Running Mate Question Allows Candidates to flatter Each Other If ever there was an “Are we in high school?”
Rather than berate Mitt for the sin of being rich, he said he wanted a flatter tax so everyone could pay the “Romney rate.”
Book three will have to contend with postmodern times—the end of history, and the birth of a greyer, flatter world.
He would threaten, cajole, flirt, flatter, hug, and get the bill passed.
Women know how to flatter, are generally more observant, and definitely read body language better.
I tell you, sisters, it was sharp work; but I flatter myself you were not in any way disgraced.
Who cannot flatter, and detest who can, Tremble before a noble serving-man?
Since I have not long to live, do not suffer a mistaken compassion to induce you to flatter my family with false hopes.
But I flatter myself I have few rivals as an accomplished listener.
But what was there to flatter the vanity in the belief of a proclamation which was foolishness to the Greeks?
early 13c., from Old French flater "to flatter" (13c.), originally "stroke with the hand, caress," from Frankish *flat "palm, flat of the hand" (see flat (adj.)). "[O]ne of many imitative verbs beginning with fl- and denoting unsteady or light, repeated movement" [Liberman]. Related: Flattered; flattering.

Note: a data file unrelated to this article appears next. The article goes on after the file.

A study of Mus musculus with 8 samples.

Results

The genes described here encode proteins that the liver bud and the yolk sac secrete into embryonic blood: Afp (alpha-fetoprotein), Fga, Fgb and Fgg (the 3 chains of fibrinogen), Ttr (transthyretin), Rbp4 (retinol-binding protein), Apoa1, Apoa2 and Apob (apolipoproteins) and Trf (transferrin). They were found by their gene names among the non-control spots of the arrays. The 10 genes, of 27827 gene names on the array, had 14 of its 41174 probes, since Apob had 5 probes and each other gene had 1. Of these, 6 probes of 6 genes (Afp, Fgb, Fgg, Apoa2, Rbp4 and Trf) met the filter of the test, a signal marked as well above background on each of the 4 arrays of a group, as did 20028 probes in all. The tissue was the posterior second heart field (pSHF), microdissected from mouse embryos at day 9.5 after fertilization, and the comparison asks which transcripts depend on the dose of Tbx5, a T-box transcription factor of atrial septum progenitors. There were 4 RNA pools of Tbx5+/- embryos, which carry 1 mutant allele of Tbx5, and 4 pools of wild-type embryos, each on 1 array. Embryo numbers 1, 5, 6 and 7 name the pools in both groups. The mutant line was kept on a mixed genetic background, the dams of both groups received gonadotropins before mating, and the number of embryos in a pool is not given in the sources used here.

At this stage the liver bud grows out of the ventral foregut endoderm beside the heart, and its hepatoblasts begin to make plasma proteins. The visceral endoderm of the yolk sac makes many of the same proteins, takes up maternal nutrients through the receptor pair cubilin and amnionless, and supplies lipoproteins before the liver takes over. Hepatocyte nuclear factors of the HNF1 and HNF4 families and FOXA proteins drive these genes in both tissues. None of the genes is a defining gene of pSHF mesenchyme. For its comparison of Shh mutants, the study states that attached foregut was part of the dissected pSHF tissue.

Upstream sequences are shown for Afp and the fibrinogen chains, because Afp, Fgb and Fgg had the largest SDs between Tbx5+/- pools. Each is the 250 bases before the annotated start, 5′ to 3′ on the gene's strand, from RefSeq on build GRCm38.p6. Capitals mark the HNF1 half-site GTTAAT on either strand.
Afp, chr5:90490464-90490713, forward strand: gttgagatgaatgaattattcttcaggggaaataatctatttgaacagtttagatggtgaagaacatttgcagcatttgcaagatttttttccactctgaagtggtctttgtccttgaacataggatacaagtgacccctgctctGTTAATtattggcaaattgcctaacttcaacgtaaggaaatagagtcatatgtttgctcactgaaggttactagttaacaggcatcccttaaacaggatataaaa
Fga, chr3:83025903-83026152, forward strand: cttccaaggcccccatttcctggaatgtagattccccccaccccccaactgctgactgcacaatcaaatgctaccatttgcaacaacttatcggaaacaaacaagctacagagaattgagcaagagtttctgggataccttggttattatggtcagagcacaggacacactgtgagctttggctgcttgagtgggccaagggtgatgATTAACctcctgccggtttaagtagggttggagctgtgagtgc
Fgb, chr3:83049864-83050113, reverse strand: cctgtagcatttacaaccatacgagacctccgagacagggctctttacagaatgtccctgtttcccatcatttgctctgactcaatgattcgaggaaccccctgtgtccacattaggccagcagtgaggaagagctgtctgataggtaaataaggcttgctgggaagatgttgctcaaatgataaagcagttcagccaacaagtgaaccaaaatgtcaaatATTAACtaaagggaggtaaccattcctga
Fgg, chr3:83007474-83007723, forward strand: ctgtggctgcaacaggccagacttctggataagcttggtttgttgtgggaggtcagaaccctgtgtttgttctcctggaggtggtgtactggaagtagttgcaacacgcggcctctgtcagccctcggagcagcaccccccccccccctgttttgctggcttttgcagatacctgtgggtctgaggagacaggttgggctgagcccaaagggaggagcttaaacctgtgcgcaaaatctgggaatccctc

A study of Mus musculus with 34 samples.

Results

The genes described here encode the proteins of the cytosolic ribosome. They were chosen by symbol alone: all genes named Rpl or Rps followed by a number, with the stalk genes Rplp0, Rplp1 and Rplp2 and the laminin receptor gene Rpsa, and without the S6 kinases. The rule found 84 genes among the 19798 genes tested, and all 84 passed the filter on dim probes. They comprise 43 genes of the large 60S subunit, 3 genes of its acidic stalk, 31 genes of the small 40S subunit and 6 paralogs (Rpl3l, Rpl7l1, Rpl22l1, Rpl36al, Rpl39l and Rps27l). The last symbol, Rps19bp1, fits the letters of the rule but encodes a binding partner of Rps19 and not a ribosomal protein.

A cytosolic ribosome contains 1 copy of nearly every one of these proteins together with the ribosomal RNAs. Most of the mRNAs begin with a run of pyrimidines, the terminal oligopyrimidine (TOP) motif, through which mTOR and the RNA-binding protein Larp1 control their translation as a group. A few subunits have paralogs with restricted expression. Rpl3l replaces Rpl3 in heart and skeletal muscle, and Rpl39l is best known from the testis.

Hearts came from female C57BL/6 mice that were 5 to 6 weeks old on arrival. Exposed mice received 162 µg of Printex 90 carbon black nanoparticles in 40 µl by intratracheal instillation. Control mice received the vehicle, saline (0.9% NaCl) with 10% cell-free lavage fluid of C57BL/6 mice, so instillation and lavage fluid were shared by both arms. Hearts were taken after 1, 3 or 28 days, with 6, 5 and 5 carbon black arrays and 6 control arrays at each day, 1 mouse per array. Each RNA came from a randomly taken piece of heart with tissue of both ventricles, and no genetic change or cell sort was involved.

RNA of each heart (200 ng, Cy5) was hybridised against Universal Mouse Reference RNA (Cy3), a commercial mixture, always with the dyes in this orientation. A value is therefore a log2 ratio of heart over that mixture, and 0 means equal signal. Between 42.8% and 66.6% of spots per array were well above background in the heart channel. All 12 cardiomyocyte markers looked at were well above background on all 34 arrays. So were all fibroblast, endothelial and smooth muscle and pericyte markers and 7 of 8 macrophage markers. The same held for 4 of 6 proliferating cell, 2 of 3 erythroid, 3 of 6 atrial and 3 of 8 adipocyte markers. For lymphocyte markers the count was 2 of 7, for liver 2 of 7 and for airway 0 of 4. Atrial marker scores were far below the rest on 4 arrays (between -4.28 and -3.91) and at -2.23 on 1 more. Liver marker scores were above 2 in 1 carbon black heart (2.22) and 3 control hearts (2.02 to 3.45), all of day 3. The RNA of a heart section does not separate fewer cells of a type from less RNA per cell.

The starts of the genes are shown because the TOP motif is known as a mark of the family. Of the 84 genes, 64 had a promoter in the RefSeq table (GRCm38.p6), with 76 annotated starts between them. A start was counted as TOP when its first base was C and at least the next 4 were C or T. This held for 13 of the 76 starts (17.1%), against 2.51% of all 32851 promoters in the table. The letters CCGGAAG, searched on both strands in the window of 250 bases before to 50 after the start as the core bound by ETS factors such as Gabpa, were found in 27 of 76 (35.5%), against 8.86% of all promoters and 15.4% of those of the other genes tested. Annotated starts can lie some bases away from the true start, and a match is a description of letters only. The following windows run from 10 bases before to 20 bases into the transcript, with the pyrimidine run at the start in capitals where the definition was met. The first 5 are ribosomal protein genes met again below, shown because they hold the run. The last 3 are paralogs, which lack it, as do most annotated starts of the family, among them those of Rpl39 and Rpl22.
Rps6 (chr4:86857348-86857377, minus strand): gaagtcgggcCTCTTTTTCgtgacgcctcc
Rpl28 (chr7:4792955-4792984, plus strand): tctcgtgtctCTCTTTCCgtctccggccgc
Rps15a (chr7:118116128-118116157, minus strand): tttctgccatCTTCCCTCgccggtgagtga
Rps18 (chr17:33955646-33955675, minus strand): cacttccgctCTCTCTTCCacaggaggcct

early 14c., from Old Norse flatr, from Proto-Germanic *flataz (cf. Old Saxon flat "flat, shallow,: Old High German flaz "flat, level," Old English flet, Old High German flezzi "floor"), perhaps from PIE *plat- "to spread" (cf. Greek platys "broad, flat;" see plaice (n.)).
Sense of "prosaic, dull" is from 1570s; used of drink from c.1600; of musical notes from 1590s, because the tone is "lowered." Flat-out (adv.) "openly, directly" is from 1932; earlier it was a noun meaning "total failure" (1870, U.S. colloquial).
1801, from Scottish flat "floor or story of a house," from Old English flet "a dwelling, floor, ground," from the same source as flat (adj.).